Sometimes innovation requires new technologies that enable a novel product offering or expand on an existing one. However, for the most part innovation is about bringing a new thinking, a new twist, a new angle, and for the most successful ones, a new paradigm shift.
Technology plays a fundamental role in the innovation process however one should not confuse new technology with innovation. Innovation is about delivering new value through product or service offering. In many cases this value delivery is enabled by technology—new or old, from adjacent spaces or not.
There are many ways to deliver innovation that ranges from incremental improvement in one extreme to Schumpeter’s “creative destruction” in the other.
Here is the challenge, how much efficient can we make a 98 percent efficient power supply? A 30 percent improvement (a breakthrough) would move it to 98.6 percent! Of course, a good innovative team will think out of the box and make a new power supply that removes old attached cables and proprietary connectors, and leverages integrated circuit miniaturization and integration to invent a new USB power supply. Voila! New value has been created (while still having a 98 percent power supply). Better yet, let’s eliminate them and use wireless power coupling chargers (90 percent efficient or less!).
Industrial Internet of Things (IIoT) has existed with different names from the last 30 years. At first its implementation took the shape of bulky, complex, proprietary, and very expensive SCADA systems. To a world today where computing can be bought on demand, memory is very low cost and abundant, and analytics is available in all flavors. Better yet, a new generation of skilled mathematicians and statisticians are attracted to the industrial space - the new sexy title of “Data Scientist” helps!
"IIoT enable the use of inexpensive sensors – in many cases throughway – to create a fabric of information around a product, plant, or service"
IIoT has democratized the industrial space. It is lowering the barrier to entry from many adjacent spaces into the highly regulated, safety sensitive and capital-intensive world. IIoT enable the use of inexpensive sensors – in many cases throughway – to create a fabric of information around a product, plant, or service. This information in turn is processed to observe and correct inefficiencies, design new processes, interact with customers, empower the workforce, but the most transformative aspect is in the creation if novel business models never seemed before in the industrial.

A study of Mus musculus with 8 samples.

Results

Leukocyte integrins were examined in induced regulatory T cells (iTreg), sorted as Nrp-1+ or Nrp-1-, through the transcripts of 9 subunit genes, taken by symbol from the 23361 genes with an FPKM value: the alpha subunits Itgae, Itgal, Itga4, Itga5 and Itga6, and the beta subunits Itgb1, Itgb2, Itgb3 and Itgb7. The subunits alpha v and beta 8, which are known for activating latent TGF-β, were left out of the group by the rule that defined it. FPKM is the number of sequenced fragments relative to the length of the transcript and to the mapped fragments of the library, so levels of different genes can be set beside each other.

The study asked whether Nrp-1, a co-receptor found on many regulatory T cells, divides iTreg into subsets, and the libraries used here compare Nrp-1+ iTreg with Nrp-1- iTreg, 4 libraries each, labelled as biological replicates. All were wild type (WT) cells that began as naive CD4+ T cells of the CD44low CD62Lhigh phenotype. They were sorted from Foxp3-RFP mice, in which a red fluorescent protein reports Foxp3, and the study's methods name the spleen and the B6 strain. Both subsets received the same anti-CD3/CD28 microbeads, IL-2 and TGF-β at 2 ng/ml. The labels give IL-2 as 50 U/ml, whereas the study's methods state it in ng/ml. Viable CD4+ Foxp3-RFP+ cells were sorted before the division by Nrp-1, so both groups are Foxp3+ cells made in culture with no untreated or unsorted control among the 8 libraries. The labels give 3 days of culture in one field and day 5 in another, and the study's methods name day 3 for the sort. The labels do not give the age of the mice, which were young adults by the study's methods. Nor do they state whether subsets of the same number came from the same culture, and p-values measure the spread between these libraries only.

IIoT technology also crosses many business boundaries. The first is through the marketing department on the potential to transform the customer experience. Increasing customer understanding through the use of the product or service and adapting in very short time to changing needs is a major business disruptor. The second business boundary is on the operational office. This is probably the best IIoT application advertised today with its emphasis on improving operational processes, through efficiency and increased safety. Here the major initiatives are around process digitalization, worked enablement (Augmented reality anyone?) and performance management. The third and perhaps the most transformative is through new digital business models, covering strategies like existing business model augmentation to completely new business model delivery.
This tectonic shift in the industry comes with many challenges. Creating the “Uber of Process Controls” seems easy but carrying safety integrity liabilities and ensuring a reliable process requires deep thinking. Putting an IT layer on latency sensitive processes is a major challenge – the IT infrastructure was designed for high scalability and reliability through a level of redundancy not existing on a typical plant. In addition a major challenge of any IIoT proof of concept faces is data quality. Studies have shown that the task of data cleansing can take 80 percent of the time of any IIoT deployment. Moreover, the multiplicity of IIoT analytical platforms is becoming very crowded and confusing. Model-based? Artificial Intelligence? Statistical methods? Plus interesting offerings also make this journey entertaining and sometimes scary. Have you heard the pitch “Give me your data and I will solve your problems”?
These and many other challenges exist in the digital transformation world but let’s go back to innovation. What is driving us to make such transformation? What is the opportunity? It is certainly not mining your data to discover new value – if this is the motivation one should have started many years ago (many companies in fact started quite a while ago) or your competitors would be eating your market share. It is also not about “digitalization” – most data in business ecosystem has been digital for many years, of course grouped in silos, unstructured and in its own language.
The driver should be about to delivering existing or new business strategy (the “What”) using a new highly available IIoT infrastructure (the “How”). This effort is about unleashing value leveraged by your own business ecosystem and enabled by the highly available IIoT technology – before your competitor does. The milestone of the roadmap is the flawless execution of your own business strategy. IIoT is just an enabler. This is the journey of creative destruction or as defined in the 21st century: “Digital Transformation.”